Debris Disks Make Patterns Without Planets

  • Released Friday, July 12, 2013

A study by NASA scientists sounds a cautionary note in interpreting rings and spiral arms as signposts for new planets. Thanks to interactions between gas and dust, a debris disk may, under the right conditions, produce narrow rings on its own, no planets needed.

Many young stars known to host planets also possess disks containing dust and icy grains, particles produced by collisions among asteroids and comets also orbiting the star. These debris disks often show sharply defined rings or spiral patterns, features that could signal the presence of orbiting planets. Astronomers study the structures as a way to better understand the physical properties of known planets and possibly uncover new ones.

When the mass of gas is roughly equal to the mass of dust, the two interact in a way that leads to clumping in the dust and the formation of patterns. Effectively, the gas shepherds the dust into the kinds of structures astronomers would expect to see if a planet were present.

Lyra and Kuchner refer to this as the photoelectric instability and developed a simulation to explore its effects. This animation shows how the process alters the density of dust in a debris disk and rapidly leads to the formation of rings, arcs and oval structures.

Watch the changing dust density and the growth of structure in this simulated debris disk. Dust quickly collects into clumps and then forms arcs and rings, structures similar to what astronomers observe in actual debris disks. As the dust heats the gas, the gas pressure increases and changes the drag force experienced by the dust. This essentially herds the dust into clumps that grow into larger patterns. The panel at left shows the disk from an angle of 24 degrees; at right, the disk is face-on. Lighter colors indicate higher dust density. For clarity, the animation does not show light from the central star. The disk extends about 100 times the average distance between Earth and the sun (100 AU, or 9.3 billion miles), which is comparable to the outer edge of our solar system’s Kuiper Belt.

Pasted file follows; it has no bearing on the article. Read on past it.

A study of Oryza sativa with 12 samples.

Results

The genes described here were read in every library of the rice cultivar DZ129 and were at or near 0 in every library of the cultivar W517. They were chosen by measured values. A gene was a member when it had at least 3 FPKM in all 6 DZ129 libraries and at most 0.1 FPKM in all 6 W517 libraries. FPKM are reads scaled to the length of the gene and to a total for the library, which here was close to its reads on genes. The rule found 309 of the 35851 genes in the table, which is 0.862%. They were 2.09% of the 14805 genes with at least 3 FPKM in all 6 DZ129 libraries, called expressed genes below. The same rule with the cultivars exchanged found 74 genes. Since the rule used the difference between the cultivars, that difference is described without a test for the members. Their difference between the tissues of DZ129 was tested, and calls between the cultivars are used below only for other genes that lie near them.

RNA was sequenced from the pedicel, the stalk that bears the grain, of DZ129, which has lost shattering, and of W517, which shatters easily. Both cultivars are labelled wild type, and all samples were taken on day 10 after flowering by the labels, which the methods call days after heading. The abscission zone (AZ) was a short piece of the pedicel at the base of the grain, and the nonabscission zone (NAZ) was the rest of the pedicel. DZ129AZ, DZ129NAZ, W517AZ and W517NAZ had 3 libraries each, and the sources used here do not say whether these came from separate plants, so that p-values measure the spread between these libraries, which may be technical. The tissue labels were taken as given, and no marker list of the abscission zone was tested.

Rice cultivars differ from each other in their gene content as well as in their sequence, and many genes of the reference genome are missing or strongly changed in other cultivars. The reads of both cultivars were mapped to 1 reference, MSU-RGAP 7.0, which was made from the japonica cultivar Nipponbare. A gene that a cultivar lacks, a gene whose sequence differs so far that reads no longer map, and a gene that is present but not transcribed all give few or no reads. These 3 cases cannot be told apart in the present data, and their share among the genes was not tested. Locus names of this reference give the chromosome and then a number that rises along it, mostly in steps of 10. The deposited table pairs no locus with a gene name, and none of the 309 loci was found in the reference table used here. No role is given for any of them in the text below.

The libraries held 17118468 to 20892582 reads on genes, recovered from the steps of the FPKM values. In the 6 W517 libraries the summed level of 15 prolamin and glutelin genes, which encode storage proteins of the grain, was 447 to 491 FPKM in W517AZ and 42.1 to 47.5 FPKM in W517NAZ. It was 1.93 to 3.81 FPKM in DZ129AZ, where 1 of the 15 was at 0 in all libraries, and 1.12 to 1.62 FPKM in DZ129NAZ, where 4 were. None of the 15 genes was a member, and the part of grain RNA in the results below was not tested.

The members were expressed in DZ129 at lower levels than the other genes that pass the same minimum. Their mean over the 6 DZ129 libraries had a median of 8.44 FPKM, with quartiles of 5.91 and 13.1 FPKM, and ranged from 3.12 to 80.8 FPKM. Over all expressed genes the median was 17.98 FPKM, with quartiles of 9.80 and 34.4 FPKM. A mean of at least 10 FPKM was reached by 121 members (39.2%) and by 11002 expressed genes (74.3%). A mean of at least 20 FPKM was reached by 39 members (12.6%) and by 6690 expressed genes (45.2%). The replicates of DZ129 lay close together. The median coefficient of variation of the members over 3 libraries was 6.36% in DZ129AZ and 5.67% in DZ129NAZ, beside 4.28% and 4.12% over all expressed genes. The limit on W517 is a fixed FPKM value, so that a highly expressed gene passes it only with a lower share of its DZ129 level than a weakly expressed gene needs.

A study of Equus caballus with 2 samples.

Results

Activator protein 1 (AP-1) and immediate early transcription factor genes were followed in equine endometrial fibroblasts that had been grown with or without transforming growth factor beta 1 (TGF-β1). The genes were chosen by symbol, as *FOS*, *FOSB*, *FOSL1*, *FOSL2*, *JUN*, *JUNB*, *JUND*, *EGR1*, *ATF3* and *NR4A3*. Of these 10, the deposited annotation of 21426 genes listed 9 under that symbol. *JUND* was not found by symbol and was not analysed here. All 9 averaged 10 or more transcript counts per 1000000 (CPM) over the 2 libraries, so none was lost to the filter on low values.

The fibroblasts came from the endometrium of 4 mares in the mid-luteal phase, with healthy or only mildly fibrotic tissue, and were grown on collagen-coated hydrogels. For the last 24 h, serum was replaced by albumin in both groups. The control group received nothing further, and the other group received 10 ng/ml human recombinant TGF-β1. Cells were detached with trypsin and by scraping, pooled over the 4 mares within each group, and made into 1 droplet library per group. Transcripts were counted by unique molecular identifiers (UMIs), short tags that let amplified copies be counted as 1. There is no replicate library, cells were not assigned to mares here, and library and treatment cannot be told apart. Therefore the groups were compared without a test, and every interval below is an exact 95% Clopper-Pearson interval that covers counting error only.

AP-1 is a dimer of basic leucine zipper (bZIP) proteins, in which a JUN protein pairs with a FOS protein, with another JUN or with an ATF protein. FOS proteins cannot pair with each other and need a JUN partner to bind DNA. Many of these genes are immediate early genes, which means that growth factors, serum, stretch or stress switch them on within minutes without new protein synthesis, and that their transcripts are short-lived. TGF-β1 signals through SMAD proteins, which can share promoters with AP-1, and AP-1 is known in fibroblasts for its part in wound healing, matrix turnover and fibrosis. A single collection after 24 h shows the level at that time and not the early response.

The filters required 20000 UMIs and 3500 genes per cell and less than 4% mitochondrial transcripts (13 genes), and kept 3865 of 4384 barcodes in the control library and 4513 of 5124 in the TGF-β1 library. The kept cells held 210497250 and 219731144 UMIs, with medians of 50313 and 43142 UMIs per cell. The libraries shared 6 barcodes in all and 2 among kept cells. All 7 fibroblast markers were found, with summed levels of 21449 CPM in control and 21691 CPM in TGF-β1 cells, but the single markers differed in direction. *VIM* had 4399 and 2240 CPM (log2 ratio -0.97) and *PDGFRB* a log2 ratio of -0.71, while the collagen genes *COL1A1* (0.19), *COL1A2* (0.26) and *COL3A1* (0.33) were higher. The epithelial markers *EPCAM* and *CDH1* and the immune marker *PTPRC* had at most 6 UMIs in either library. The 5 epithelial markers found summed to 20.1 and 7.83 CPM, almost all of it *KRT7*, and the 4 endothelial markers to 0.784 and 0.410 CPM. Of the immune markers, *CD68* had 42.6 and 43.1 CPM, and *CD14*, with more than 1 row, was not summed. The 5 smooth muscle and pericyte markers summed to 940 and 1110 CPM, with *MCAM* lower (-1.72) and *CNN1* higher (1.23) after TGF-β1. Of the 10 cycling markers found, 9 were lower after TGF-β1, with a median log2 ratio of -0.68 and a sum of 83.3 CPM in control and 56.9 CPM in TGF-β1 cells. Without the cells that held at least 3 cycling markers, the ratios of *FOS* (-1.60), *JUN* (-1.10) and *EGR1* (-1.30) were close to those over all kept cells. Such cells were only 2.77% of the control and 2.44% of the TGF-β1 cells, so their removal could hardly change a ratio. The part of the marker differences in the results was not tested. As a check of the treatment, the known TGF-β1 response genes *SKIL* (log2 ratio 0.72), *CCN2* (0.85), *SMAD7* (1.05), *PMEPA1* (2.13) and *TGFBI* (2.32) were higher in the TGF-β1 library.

Credit: NASA Goddard/W. Lyra (JPL-Caltech), M. Kuchner (Goddard)

Watch this video on the NASAexplorer YouTube channel.

This chart compares the gas mass for several debris disk systems and shows where the photoelectric instability is most important. Systems like TW Hydrae contain so much gas that the instability is suppressed, but it could arise in relatively gas-free regions near the center of the disk.  Credit: NASA's Goddard Space Flight Center

This chart compares the gas mass for several debris disk systems and shows where the photoelectric instability is most important. Systems like TW Hydrae contain so much gas that the instability is suppressed, but it could arise in relatively gas-free regions near the center of the disk.

Credit: NASA's Goddard Space Flight Center


This page was last updated on Wednesday, May 3, 2023 at 1:52 PM EDT.